Stored product pest management 101

Jul 7, 2023, 14:37 PM by Fred Speer

Stored product pests are one of the most economically important pests for the food processing and storage facilities – including grain silos, bakeries, breweries, and retail food stores – which store or use large amounts of unprocessed and cereal-based grain products.

Confused flour beetles, Indianmeal moths, sawtoothed grain beetles, weevils, and other stored product pests can infest and spoil grain, flour, rice, and finished goods, rendering these products inedible.

This causes downtime in production, damages the brand name, and creates numerous headaches –in time, operational disruptions, and financial resources – for the facility’s management. Also, if a third-party auditor notices the presence or conditions conducive for stored product pests, it can result in a facility receiving a reduced score or even a failure of their audit.

The case for stored product pest management

As mentioned above, the economic impact that stored product pests have, if left untreated or undetected in a food processing or storage facility, is considerable. That’s why it’s vital for these facilities to partner with a highly trained pest management professional to design and implement a comprehensive prevention or treatment program.

Protect product quality: Stored product pests, such as beetles, moths, weevils, and mites, can infest and contaminate food products, leading to quality issues. They can cause physical damage, consume or spoil the food, and leave behind eggs, larvae, or excrement. Effective pest management helps prevent such infestations and ensures the quality and integrity of the stored products.

Prevent product loss: Infestations by stored product pests can result in significant product loss. Pests can consume or damage massive quantities of food, leading to financial losses for the facility. By implementing proper pest management strategies, food processing facilities can minimize the risk of product loss and protect their investments.

Comply with regulations: Food processing facilities are subject to strict regulations and standards regarding food safety and hygiene. Many regulatory bodies, such as the Food and Drug Administration (FDA) in the United States, require facilities to implement pest control measures as part of their food safety programs. Compliance with these regulations is essential to avoid failed third-party audits, penalties, legal issues, and reputational damage.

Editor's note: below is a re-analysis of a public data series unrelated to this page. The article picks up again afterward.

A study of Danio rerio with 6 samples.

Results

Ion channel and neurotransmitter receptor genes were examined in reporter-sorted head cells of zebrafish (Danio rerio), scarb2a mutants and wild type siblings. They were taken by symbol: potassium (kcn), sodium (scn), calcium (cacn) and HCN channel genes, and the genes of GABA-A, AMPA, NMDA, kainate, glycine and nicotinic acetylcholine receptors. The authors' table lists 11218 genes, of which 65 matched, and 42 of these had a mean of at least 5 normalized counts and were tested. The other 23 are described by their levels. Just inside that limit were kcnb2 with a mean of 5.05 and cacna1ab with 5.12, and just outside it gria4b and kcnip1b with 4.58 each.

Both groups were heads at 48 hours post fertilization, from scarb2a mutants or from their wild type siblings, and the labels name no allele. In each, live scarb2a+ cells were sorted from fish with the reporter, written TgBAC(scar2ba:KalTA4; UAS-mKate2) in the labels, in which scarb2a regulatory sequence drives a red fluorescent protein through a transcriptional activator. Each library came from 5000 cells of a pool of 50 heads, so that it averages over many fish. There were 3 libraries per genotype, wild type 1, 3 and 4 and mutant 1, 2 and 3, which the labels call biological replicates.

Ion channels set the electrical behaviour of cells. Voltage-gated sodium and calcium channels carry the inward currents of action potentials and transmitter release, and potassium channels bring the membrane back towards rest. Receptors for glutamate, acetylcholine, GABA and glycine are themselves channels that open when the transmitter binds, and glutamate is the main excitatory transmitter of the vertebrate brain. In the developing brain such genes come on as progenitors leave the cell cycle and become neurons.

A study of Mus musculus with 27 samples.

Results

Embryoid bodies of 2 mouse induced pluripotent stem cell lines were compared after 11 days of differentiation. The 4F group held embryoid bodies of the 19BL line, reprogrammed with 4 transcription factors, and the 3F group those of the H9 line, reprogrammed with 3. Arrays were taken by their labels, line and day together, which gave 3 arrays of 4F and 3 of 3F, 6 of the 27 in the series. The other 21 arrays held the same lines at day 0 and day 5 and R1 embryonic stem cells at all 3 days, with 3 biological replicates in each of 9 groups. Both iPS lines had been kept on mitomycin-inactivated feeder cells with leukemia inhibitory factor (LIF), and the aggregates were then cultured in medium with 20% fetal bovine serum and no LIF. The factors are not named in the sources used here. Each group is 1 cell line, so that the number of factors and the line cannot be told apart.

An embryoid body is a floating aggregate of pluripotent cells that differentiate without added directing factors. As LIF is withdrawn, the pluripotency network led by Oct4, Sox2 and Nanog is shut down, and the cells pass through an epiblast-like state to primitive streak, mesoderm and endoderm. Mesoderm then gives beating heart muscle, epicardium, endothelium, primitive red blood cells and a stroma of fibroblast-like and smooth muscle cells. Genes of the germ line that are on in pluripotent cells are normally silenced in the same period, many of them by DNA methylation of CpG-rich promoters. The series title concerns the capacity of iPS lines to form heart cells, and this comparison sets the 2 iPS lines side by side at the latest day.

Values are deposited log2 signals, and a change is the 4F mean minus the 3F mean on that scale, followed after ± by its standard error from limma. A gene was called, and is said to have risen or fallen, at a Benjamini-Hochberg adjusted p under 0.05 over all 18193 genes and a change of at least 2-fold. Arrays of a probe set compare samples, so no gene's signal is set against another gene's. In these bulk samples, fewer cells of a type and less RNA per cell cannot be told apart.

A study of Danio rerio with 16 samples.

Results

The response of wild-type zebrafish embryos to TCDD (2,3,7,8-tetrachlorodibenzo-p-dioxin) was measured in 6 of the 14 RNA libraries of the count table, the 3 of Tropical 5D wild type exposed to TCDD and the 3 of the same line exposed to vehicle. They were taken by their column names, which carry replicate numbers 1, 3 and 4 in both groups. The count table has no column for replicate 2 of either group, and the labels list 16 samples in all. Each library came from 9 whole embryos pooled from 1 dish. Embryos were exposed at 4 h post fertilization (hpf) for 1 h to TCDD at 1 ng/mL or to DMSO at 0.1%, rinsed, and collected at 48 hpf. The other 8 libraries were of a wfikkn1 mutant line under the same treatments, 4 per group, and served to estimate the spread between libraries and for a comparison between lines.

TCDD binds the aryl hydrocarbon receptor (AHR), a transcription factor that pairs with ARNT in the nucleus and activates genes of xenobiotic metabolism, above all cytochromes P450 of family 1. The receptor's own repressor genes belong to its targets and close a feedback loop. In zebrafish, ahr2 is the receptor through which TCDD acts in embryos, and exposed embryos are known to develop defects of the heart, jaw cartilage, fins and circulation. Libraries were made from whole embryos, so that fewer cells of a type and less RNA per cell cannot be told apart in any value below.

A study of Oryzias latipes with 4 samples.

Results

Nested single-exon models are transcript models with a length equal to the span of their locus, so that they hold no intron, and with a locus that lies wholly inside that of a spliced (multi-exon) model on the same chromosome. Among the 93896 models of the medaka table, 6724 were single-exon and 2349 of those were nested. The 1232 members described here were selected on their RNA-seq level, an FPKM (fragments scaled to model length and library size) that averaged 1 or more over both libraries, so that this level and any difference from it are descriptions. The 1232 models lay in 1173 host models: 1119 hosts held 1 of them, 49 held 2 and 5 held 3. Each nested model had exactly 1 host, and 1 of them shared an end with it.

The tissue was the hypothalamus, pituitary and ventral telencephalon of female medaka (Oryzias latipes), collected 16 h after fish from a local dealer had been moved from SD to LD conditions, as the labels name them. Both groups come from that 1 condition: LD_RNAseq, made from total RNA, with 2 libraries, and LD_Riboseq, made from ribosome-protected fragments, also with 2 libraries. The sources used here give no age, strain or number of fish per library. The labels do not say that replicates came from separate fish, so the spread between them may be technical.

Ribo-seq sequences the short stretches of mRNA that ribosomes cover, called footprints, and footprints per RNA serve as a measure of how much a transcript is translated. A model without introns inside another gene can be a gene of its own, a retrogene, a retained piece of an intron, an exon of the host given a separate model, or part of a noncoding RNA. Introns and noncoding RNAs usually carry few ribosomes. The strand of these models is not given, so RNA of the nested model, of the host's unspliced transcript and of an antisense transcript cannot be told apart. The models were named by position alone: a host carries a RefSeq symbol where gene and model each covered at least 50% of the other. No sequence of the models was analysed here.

Reduce health risks: Some stored product pests, such as certain types of beetles and moths, can produce allergens and toxins that pose health risks to consumers. If contaminated products reach the market, they can cause allergic reactions or other health issues. By effectively managing stored product pests, food processing facilities can minimize the risk of such health hazards and ensure the safety of their products.

Preserve brand reputation: Any incident of pest infestation or contaminated products can harm the reputation of a food processing facility. Consumers have high expectations regarding the quality and safety of the food they purchase. News of pests or contaminants found in products can quickly spread through social media and negatively affect the facility's reputation. By implementing rigorous stored product pest management practices, facilities can demonstrate their commitment to quality and food safety, enhancing their reputation in the industry.

Control options

A common method for controlling stored product pests that threaten food processing and storage facilities is mating disruption. This is the process of introducing artificial sex attractant pheromones into a facility with the intention of distracting male stored product pests – Indianmeal and flour moths, mainly – as they try to make a love connection with their female counterparts during mating season.

These artificial pheromones create false trails that make it harder for male moths to find their sex partners. When that happens, mating does not occur, eggs are not laid, and the populations of these destructive pests drops.

Female Indianmeal moths communicate with males through pheromone plumes, which direct male moths to their location. By using the mating disruption pheromone, the males chase a false trail, exhaust their energy reserves, and die before successfully finding and mating with a female. These disruptions have a significant impact on the moths’ ability to mate and reproduce.

Even though pheromone products are naturally occurring, this application method makes them a registered pesticide. However, they are certified for use in organic food processing facilities, and there is no danger of food products absorbing pheromones unless they come into direct contact with the dispenser.

Pheromone mating disruption dispensers are typically installed and replaced twice a year to ensure coverage through the entire moth mating season. The dispensers are placed within facilities and can treat an entire warehouse, but they have also proven successful in treating specific sections or even aisles in a facility.

A thorough pest monitoring program is also a key part of the process. By deploying standard pheromone traps and light traps, technicians can track pest population levels, and when fewer male moths are caught, it’s more likely that the program is working.

If you are looking for a pest management partner that understands your business and can help your company create an effective year-around pest management program, call Clark Pest Control at (800) 936-3339.